Finding texture in a photo • Texture is tactile not visual • Shiny metal is visual • Driftwood is texture • Definition • Normally a relatively small scale surface characteristic that is associated with tactile quality.
Still Life • Pose an object(s) that has a tactile quality. • Side lighting will help illuminate the texture, but • Heavy texture, posed, will have the same effect.
What is still life? • Typically we think of still life as indoor and posed. • Flowers, bowl of fruit, tea kettle, sea shells on a table. • For our purposes we will not shoot indoors because we would need flash. • The following examples are indoors and have extraordinary lighting.
Our Still Life • First, the subject is outdoors. • The subject(s) is (are) posed. • At least it is still permanently” posed • Directional lighting from the side to create shadows to the left or right. • Examples follow…
One can almost feel the braids on the rope. However, the DOF is too shallow. Shoot at f/11 or f/16!
How is texture created? • What type of light would create the most texture? • Directional lighting • From a low angle. Early morning or late afternoon. • Look at the available shadows. • Sharp edge is direct • Soft edged is diffused
More on light • Direct or directional light creates HIGH CONTRAST (lots of black and white tones) shadows and highlights. • Diffused or soft light produces LOW CONTRAST (gray tones) shadows and highlights. • Observe the kind of shadows on your subject. Try to find subjects with lots of different tones. Remember not to shoot directly into your light source.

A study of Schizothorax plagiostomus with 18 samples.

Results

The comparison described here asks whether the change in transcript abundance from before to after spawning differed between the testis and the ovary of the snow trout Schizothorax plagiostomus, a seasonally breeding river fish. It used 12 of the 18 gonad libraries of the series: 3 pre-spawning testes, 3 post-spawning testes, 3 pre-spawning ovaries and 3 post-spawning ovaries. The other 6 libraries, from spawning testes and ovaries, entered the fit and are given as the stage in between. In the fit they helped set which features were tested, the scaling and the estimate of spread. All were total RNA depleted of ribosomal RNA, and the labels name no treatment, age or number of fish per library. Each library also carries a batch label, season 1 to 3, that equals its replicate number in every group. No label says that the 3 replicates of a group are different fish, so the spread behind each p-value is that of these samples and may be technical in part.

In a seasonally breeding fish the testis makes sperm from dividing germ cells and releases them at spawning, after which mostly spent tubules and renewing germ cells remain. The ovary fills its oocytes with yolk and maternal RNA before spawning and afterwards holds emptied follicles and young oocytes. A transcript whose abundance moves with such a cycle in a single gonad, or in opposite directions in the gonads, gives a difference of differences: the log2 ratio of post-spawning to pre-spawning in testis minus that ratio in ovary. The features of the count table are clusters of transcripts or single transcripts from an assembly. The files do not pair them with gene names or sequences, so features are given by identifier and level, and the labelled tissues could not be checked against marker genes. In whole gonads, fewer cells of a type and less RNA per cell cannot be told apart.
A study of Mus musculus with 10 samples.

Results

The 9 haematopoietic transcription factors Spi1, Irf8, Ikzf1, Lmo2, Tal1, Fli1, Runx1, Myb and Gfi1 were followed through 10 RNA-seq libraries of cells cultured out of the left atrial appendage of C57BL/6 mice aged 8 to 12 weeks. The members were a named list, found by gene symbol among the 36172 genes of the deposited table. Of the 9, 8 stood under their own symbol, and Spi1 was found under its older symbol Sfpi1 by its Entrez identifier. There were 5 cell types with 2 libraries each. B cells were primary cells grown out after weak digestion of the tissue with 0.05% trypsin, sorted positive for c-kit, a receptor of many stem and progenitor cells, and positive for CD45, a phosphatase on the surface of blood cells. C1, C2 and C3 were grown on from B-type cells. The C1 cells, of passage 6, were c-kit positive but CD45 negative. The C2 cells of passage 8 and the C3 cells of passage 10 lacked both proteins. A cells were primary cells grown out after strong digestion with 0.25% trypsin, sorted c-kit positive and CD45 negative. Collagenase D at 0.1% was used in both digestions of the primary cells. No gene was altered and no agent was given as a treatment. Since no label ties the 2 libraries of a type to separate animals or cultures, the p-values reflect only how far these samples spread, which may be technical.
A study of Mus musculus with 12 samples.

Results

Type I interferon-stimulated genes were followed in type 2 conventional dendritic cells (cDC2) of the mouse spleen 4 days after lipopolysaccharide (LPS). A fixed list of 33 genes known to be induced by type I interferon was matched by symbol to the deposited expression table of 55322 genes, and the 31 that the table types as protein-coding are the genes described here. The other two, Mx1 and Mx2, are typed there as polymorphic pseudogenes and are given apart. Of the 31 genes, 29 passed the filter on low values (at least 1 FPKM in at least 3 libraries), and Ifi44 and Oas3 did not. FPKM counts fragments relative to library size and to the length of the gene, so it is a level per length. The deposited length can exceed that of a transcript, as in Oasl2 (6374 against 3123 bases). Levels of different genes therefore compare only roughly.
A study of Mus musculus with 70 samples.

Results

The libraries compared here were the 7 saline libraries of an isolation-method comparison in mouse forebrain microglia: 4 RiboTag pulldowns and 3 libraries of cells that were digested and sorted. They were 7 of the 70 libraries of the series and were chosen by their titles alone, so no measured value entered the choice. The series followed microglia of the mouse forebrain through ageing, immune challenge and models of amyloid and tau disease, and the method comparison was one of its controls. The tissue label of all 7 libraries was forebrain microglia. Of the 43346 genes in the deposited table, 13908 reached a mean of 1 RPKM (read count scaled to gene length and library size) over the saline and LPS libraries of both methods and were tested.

“Loop” lighting From the side. Face is 3D.
Consider the time of day. • Early morning and very late afternoon • Create natural side lighting • Enhances the texture
Step by step • Locate an interesting subject. Photograph the subject from different angles. • Photograph more than one subject. • All exposures for this ( and most others) must be outdoors. • No flash. • Fill the frame with your texture(s). • Don’t use smooth surfaces for this assignment.
Other help • Don’t stand back from your subject. A tree in the distance has no texture. • Don’t use dirt (sand dunes are different) or tree bark
Be careful of back focus and missing your subject. Double check your focus, then check it again. Bracket each photo. Correct; one faster; one slower
Grading-2 different negatives • Uniqueness of the subject. Would you put this on your wall? • Effective lighting to create texture. • Overall image quality . • Is the image sharp? • Image must be “spotted”. We’ll get that training next week. • Two final images and contact sheet, all 8x10. • EXTRA CREDIT: Turn in a third 8x10 • Contrast be used with allfinal prints.